Google plays its part

Google has activated its Person Finder app to help the victims of the Japanese tsunami. Work started on this app after Hurricane Katrina hit New Orleans in 2010, when different agencies that were helping in the aftermath, were finding it hard to share information about suspected missing people. The same app has been used before to help the victims of the 2011 New Zealand Earthquake, The Egyptian Protests and I suspect will be used to aid in any disasters that happen in the future.

The English version of Person Finder can be found here:  People Finder

people-finder

The idea is that details of anyone who has been involved in the tsunami disaster can be entered into a database that is searchable by friends and relatives. Such details as their current location, Health, and messages can be entered. In the wake of such disasters, power and phone lines get destroyed and the victims and helpers may find it hard to make contact with relatives. Over 4,000 entries where made within the first few hours of its activation and it is believed that this will rise to tens of thousands over the next few days. Although the tool can be useful for finding information about a friend or a loved one, Google warns users that it doesn’t review or verify the accuracy of the data. Furthermore, all data entered will be available to the public, as well as viewable and usable by everyone.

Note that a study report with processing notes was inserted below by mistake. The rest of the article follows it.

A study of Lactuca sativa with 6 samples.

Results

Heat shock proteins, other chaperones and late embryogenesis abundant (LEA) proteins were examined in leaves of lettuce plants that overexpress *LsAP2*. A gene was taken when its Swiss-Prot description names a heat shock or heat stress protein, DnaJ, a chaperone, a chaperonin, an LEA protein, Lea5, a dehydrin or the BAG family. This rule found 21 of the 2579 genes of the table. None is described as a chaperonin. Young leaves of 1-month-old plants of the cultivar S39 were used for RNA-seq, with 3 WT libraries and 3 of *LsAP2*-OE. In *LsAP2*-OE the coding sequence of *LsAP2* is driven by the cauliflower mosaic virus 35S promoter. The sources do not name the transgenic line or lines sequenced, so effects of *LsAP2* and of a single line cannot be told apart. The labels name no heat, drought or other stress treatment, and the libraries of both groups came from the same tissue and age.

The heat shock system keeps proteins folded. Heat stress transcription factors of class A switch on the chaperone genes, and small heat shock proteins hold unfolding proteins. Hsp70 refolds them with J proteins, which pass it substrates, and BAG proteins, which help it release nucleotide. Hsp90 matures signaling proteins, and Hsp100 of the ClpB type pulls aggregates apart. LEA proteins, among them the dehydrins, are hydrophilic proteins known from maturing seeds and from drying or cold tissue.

Twitter lends a hand

The micro blogging site twitter has become a resource for up to date information on the tsunami. The top trending # tags on twitter being #prayforjapan and #tsunami. Mashable.com has reported that tweets from Japan were hitting such heights as 1,200 tweets per second during the disaster. Taking information from the U.S Geological Survey, @EQTW is giving constant updates on the location and height of the tsunami via tweets.